ATP Hydrolysis

Adenosine triphosphate or ATP is the energy currency of the cell. ATP hydrolysis releases the energy present in the high-energy terminal phosphate bonds, which is utilised to carry out various cellular reactions, such as muscle contraction, carbon fixation, etc. Various reactions are coupled with ATP hydrolysis.

ATP hydrolysis is an exergonic process. It produces ADP (Adenosine diphosphate), Pi (inorganic phosphate) and energy. ADP can undergo further hydrolysis in some cases to produce AMP (Adenosine monophosphate) and Pi.

ATP Structure and Hydrolysis Mechanism

ATP is ribonucleic acid. It is made up of a nitrogenous base, pentose sugar and phosphate. In ATP, the nitrogenous base is adenosine and the sugar is ribose, which is linked to phosphate.

ATP Structure

ATP Hydrolysis

The terminal phosphoanhydride bonds are known as high-energy bonds. They release a large amount of energy on hydrolysis to power the energy-requiring cellular processes.

The reaction of ATP hydrolysis is as follows:

ATP + H2O ⇋ ADP + Pi + Energy

This reaction is reversible. The reversible reaction requires energy to produce ATP. ADP and Pi regenerate ATP. Thus, energy gets stored in the form of ATP and when energy is required, ATP is hydrolysed. The reverse reaction of ATP hydrolysis or the reaction for ATP synthesis is as follows:

ADP + Pi + Energy ⇋ ATP + H2O

The enzyme ATP synthase catalyses the synthesis of ATP.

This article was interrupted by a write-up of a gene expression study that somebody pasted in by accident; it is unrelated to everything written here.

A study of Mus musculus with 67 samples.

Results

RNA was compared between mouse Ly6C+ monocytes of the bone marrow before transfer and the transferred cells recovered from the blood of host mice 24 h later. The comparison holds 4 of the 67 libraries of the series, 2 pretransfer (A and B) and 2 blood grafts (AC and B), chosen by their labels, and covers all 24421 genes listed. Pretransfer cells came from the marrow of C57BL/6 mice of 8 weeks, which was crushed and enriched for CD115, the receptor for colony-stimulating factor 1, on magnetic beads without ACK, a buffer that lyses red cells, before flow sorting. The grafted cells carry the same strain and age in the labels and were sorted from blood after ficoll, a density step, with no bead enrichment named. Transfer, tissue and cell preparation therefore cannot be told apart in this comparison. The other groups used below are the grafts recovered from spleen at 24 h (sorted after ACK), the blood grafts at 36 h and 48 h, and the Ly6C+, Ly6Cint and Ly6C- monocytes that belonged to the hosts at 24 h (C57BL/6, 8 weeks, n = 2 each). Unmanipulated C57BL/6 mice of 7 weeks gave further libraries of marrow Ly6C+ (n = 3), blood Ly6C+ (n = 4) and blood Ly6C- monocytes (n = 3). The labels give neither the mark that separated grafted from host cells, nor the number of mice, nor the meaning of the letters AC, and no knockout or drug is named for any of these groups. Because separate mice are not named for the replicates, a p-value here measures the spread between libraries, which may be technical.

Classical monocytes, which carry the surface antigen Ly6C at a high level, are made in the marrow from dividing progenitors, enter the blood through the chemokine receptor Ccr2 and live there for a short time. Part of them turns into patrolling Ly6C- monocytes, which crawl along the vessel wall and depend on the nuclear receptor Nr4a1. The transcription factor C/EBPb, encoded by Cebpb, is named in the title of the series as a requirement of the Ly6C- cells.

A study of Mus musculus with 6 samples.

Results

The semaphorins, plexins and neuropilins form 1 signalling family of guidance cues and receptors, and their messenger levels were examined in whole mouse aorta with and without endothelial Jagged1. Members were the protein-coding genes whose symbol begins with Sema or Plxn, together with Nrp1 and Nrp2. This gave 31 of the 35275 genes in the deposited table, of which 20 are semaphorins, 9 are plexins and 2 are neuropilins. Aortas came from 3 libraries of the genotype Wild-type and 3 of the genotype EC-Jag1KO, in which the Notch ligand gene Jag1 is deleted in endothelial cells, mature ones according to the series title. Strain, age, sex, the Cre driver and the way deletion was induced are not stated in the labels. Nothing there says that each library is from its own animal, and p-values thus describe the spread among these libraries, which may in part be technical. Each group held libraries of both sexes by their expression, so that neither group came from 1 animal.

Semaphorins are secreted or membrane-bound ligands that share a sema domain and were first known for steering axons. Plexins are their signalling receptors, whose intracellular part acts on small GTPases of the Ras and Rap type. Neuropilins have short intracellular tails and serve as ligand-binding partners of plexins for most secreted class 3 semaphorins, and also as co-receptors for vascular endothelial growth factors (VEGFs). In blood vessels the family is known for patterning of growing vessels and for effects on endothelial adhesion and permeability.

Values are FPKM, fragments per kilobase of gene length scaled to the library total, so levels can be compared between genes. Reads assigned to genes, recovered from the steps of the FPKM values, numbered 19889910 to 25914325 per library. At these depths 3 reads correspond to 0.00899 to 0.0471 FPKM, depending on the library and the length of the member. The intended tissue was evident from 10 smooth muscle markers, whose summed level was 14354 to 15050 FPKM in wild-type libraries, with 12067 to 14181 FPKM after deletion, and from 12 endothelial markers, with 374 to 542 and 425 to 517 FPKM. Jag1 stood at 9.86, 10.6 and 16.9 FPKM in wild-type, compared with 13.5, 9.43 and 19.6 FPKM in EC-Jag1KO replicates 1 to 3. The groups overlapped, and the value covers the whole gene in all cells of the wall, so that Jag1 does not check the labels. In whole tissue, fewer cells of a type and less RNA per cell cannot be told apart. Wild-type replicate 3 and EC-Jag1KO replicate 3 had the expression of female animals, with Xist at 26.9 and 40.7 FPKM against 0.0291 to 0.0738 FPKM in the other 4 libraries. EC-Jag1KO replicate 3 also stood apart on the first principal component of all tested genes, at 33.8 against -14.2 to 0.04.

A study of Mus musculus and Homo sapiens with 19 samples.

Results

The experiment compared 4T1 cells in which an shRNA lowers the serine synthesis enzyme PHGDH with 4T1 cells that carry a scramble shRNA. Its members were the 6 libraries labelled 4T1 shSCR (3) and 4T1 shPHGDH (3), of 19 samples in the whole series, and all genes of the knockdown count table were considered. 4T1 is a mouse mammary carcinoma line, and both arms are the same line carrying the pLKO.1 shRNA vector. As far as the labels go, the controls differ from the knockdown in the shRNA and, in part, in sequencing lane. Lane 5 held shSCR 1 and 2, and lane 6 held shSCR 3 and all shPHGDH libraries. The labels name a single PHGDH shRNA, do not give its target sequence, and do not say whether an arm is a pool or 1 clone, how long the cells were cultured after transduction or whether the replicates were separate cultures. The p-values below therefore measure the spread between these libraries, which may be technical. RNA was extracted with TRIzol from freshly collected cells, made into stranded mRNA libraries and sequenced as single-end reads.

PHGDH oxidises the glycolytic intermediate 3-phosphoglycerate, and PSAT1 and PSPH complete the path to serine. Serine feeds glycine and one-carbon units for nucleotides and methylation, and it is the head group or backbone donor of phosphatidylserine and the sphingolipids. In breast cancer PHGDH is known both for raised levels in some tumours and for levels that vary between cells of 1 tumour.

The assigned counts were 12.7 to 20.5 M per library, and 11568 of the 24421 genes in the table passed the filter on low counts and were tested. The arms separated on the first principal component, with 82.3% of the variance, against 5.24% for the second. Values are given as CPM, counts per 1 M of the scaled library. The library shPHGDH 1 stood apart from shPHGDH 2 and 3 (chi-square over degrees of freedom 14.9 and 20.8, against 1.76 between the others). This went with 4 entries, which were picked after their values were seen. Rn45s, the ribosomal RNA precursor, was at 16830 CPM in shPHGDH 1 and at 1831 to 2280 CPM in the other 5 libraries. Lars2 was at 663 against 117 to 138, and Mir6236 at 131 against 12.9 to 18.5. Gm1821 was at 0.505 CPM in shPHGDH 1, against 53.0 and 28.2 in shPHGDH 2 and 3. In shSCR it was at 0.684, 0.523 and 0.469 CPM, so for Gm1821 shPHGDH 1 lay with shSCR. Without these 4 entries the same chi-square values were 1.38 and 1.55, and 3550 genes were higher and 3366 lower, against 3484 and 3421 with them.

Energy Output in ATP Hydrolysis

The hydrolysis of 1M of ATP into ADP and inorganic phosphate, releases −7.3 kcal/mol of energy. The energy released in the living cell is almost double the value in standard conditions, it is equal to −14 kcal/mol.

ATP + H2O → ADP + Pi ΔG° = −7.3 kcal/mol (−30.5 kJ/mol)

The hydrolysis of ATP into AMP and pyrophosphate (PPi) releases −10.9 kcal/mol of energy.

ATP + H2O → AMP + PPi ΔG° = −10.9 kcal/mol (−45.6 kJ/mol)

Significance of ATP Hydrolysis

Energy is stored in the form of ATP in living organisms. Most ATP is produced during respiration. The energy released by the oxidation of carbohydrates and respiratory substrates is trapped and stored in the form of ATP, which can later be utilised as and when the requirement arises.

The energy released during ATP hydrolysis is utilised to power the cellular processes. There are many processes that require energy, such as muscle contraction, active transport, cell signalling, DNA RNA synthesis, etc.

There are many reactions that are coupled to ATP hydrolysis. These reactions are endergonic, i.e. they require energy. An example of reaction coupling is phosphorylation, e.g. glucose to glucose 6 phosphate catalysed by the enzyme hexokinase in the glycolysis process. The phosphate group released in ATP hydrolysis is used to phosphorylate glucose. Sodium-potassium pump is another example where ATP hydrolysis is coupled to the change of shape of transport proteins, leading to transport of ions across the membrane.